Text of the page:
A Notary Public is an official of integrity appointed by state government, typically by the secretary of state, to serve the public as an impartial witness in performing a variety of official fraud-deterrent acts related to the signing of important documents. These official acts are called notarizations, or notarial acts. Notaries deter fraud and establish that the signer knows what document they are signing, and that they are a willing participant in the transaction.

  • What Does a Notary Do?

    A Notary's duty is to screen the signers of important documents for their true identity, their willingness to sign without duress or intimidation, and their awareness of the contents of the document or transaction.

  • Can you notarize this for me?

    Florida statues authorize the following notarizations or notarial acts: Acknowledgements, Certified Copies, Inventorying a Safe-Deposit Box, Jurats, Marriages, Oaths and Affirmations, and Verifying a vehicle Identification Number.

  • What type of notarization do I need?

    A Notary may not choose the type of notarization on a signer’s behalf. This is considered the unauthorized practice of law.


A Florida Notary Public can take an Individual, Corporate, Official/Trustee, Partnership, Attorney in Fact, and a Disabled Person’s Acknowledgment.

The purpose of an acknowledgment is for a signer, whose identity has been verified, to declare to a Notary or notarial officer that he or she has willingly signed a document.The signer must be able to directly communicate with the Notary, without a translator, that they willingly signed the document.

An acknowledgment requires the following steps:

  • The signer must physically appear before the Notary
  • The Notary must positively identify the signer.
  • The signer may either sign the document before appearing before the Notary, or in the Notary’s presence.
  • The signer must declare (acknowledge) signing the document for its intended purpose.

A Florida Notary Public is authorized to notarizean Individual Jurat and a Disabled Person’s Jurat.

The purpose of a jurat is for a signer to swear to or affirm the truthfulness of the contents of a document to a Notary. The Notary administers an oath or affirmation to the affiant, who verifies the truths listed in the document under penalty of perjury.

A jurat requires the following steps:

  • The signer must appear in person before the Notary and sign the document in the Notary’s presence.
  • The Notary must positively identify the signer.
  • A spoken oath or an affirmation must be administered, and the signer must respond out loud. Silent answers such as a nod of the head are unacceptable.
Which types of ID can I use?

A Notary may identify a document signer through any one of the following listed below. The document must be CURRENT or if EXPIRED, issued within the past 5 years, AND bear a serial or other identifying number. While one valid identification document or card may be sufficient to identify a signer, the Notary may ask for more.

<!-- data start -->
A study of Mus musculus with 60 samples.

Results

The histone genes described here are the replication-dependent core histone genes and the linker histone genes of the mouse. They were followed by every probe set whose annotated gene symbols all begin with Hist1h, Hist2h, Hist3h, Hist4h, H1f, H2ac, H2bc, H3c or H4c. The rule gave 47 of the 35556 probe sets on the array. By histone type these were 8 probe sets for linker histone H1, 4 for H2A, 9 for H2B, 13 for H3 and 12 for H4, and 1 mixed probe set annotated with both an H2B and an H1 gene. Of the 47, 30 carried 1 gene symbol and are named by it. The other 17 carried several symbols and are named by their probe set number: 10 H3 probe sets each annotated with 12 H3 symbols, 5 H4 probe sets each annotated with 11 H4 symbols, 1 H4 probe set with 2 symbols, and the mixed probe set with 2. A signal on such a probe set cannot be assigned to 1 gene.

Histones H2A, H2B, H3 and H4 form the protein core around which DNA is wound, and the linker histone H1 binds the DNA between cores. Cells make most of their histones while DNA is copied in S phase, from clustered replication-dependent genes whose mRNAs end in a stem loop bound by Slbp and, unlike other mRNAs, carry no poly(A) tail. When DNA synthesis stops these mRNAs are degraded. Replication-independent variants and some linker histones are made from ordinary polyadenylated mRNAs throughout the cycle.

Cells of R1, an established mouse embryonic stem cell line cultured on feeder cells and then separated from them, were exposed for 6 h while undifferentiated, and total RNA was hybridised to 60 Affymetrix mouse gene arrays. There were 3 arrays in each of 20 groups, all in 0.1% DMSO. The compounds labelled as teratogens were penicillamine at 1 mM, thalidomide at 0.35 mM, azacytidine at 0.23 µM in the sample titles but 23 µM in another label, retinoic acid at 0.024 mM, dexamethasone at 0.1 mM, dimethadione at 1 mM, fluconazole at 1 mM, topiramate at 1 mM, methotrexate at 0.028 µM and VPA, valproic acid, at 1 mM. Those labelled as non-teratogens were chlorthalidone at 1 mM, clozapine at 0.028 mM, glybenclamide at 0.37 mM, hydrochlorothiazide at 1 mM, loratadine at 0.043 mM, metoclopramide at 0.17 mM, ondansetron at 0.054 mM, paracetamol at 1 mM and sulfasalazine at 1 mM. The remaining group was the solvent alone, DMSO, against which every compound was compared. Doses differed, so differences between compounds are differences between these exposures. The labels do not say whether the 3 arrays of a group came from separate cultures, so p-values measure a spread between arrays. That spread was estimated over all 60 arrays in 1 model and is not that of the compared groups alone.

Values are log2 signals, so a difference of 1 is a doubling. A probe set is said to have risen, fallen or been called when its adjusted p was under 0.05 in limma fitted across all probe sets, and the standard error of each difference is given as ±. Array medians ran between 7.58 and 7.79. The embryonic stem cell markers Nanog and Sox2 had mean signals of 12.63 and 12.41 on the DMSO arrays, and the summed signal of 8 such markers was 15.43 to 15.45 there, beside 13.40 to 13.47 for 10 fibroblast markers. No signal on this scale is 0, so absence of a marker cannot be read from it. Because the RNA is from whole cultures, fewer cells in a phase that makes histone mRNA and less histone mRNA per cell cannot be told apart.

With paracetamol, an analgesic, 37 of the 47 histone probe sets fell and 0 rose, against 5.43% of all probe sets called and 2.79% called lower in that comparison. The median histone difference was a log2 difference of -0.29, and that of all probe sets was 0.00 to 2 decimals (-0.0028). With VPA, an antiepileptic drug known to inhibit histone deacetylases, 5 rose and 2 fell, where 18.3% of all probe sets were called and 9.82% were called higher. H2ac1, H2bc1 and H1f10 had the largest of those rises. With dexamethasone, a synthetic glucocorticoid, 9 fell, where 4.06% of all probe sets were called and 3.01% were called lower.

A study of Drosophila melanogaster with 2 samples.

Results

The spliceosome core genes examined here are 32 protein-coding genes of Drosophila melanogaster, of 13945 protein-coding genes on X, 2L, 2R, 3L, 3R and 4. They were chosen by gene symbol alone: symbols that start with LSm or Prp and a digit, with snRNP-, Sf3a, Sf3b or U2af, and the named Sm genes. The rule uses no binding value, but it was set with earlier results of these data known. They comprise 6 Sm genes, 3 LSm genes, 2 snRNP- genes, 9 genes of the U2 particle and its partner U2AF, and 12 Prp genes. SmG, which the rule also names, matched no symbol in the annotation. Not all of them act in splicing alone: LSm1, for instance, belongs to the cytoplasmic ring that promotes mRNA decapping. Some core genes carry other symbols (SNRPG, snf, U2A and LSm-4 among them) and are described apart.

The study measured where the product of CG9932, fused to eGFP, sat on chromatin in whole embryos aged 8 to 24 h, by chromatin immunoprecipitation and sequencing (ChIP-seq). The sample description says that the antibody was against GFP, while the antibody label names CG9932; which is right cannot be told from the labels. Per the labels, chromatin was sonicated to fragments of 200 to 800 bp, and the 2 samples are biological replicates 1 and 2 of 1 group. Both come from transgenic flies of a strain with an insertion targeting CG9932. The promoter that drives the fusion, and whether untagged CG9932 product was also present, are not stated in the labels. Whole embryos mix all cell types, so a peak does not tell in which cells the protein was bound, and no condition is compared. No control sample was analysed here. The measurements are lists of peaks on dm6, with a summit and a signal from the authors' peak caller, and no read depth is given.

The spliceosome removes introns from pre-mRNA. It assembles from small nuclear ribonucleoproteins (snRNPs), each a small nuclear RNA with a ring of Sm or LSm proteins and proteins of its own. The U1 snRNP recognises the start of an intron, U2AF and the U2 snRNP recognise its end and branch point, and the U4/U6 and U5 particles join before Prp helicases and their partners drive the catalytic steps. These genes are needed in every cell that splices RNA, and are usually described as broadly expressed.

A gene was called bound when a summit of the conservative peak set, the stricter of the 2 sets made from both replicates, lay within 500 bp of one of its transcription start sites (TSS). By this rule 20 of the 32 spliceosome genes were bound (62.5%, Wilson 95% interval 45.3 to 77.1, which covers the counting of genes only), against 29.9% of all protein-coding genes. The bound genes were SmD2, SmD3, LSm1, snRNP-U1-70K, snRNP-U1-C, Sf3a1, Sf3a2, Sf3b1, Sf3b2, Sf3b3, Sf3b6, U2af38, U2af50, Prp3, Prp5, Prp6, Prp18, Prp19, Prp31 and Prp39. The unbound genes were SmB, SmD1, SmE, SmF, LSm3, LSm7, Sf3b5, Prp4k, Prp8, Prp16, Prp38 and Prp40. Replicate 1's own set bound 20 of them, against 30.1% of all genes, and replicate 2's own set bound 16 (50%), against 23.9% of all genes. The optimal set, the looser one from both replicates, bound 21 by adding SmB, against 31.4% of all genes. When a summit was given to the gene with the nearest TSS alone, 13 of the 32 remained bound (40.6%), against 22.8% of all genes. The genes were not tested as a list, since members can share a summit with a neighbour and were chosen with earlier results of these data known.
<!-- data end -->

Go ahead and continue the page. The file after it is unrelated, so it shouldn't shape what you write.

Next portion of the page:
• Florida driver license or identification card issued by the Department of Highway Safety & Motor Vehicles.
  • U.S. passport issued by the U.S. Department of State.
  • Foreign passport if stamped by the U.S. Citizenship and Immigration Services (USCIS).
  • Driver license or non-driver ID issued by another U.S. state of territory.
  • Driver's license officially issued in Mexico or Canada.
  • U.S. military ID.
  • Inmate ID issued on or after January 1, 1991, by the Florida Department of Corrections or Federal Bureau of Prisons (but only to identify prisoners in custody).
  • A sworn , written statement from a sworn law enforcement officer explaining that an inmate’s IDs were confiscated upon incarceration, and that the person named in the document is the person whose signature is to be notarized.
  • Permanent resident card, or "green card," issued by the U.S. Citizenship and Immigration Services (USCIS).
  • A veteran health identification card issued by U.S. Department of Veterans Affairs.
Which types of ID cannot be used?

Unacceptable ID cards for identifying acknowledgers include, but are not limited to, birth certificates, Social Security cards, credit cards and driver licenses without photographs.

What if I can’t write my name?

A Florida Notary Public is authorized to notarize Signature by Mark Jurat and a Signature by Mark Acknowledgement. Contact us for more information.

Why do I have to take an oath?

Some notarizations also require the Notary to put the signer under an oath, declaring under penalty of perjury that the information contained in a document is true and correct. Property deeds, wills and powers of attorney are examples of documents that commonly require a Notary.